Zim rights groups face closure

Harare - President Robert Mugabe's government plans to ban international human rights groups from Zimbabwe and cut off overseas funding to local organisations promoting rights, according to a draft bill obtained on Friday.

The bill would also set up a council whose members would be appointed by Zimbabwe's social welfare minister to oversee the activities of foreign and local aid groups.

"No foreign non-governmental organisation shall be registered if its sole or principal objects involve or include issues of governance," according to the draft.

The document defined "issues of governance" as "the promotion and protection of human rights and political governance issues".

Zimbabwe has repeatedly threatened to clamp down on the activities of some non-governmental organisations (NGOs) which it has accused of meddling in its internal affairs.

Mugabe told parliament earlier this week that Zimbabwe must not allow non-governmental organisations "to be conduits or instruments of foreign interference in our national affairs."

The leader confirmed that a bill tightening control over the NGOs would be introduced in parliament during the current session, which is the last one ahead of crunch parliamentary polls due in March.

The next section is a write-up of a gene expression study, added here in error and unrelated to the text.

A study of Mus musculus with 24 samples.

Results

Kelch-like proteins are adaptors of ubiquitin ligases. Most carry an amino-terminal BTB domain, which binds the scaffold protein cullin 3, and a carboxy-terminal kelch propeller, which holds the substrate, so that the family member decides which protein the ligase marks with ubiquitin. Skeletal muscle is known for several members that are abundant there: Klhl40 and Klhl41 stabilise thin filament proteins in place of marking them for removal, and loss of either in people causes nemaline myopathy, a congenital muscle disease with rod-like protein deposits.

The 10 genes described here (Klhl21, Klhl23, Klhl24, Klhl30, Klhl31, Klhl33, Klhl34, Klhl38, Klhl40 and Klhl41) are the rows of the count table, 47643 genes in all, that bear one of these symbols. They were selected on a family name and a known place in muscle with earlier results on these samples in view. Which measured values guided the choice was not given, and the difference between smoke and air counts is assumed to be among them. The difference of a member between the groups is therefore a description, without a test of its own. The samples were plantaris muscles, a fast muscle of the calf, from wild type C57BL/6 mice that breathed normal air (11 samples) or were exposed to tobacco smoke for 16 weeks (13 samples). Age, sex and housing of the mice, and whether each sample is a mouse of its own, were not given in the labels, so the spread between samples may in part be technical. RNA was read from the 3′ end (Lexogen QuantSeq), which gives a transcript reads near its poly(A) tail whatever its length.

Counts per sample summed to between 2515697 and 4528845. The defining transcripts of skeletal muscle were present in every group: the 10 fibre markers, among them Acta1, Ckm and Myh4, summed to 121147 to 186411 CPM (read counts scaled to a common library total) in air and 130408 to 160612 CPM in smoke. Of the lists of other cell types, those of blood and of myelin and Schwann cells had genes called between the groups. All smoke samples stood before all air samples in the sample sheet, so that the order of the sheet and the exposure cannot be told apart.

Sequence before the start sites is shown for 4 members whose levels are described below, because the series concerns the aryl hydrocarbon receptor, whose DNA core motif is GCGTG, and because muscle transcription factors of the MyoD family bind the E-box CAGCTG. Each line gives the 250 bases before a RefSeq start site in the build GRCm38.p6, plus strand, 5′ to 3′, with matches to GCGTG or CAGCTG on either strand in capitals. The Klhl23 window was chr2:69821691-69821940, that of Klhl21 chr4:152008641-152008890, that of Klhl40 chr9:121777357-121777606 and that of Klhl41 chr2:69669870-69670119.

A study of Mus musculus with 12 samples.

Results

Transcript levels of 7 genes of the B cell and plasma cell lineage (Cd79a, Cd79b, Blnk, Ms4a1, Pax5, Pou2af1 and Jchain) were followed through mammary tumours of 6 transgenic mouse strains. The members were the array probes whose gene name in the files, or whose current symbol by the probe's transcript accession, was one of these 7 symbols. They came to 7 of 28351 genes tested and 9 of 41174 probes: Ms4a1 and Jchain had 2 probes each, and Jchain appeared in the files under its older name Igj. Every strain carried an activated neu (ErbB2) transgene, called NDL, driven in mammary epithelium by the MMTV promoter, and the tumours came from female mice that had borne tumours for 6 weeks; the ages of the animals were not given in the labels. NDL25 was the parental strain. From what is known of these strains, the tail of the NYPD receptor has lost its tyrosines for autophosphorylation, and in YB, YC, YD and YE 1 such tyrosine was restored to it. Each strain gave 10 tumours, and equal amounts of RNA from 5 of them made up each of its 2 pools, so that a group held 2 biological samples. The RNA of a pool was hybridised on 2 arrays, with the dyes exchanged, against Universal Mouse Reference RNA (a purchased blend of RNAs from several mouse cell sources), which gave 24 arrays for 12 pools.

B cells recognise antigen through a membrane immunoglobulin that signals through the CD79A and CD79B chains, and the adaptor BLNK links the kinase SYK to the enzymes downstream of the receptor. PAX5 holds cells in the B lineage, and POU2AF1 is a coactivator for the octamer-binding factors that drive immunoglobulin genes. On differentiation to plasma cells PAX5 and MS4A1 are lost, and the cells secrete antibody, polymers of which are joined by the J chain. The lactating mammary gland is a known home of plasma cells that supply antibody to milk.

The move comes amid concerns of political violence in the runup to the elections and accusations from one of Mugabe's most outspoken critics, Archbishop Pius Ncube of Bulawayo, that the ruling party will use food to buy votes.

More than five million people in Zimbabwe will need food aid this year, according to UN aid agencies.

In the past, Mugabe has accused some NGOs here of being "trojan horses" that received money from abroad "to be used against us".

Under the bill, local non-governmental organisations involved in human rights and political work will not be able to receive funds from abroad.

Observers say that the proposed regulations are similar to strict press laws introduced two years ago that led to the creation of the Media and Information Commission (MIC).

The commission has shut down three private Zimbabwean newspapers in the past year.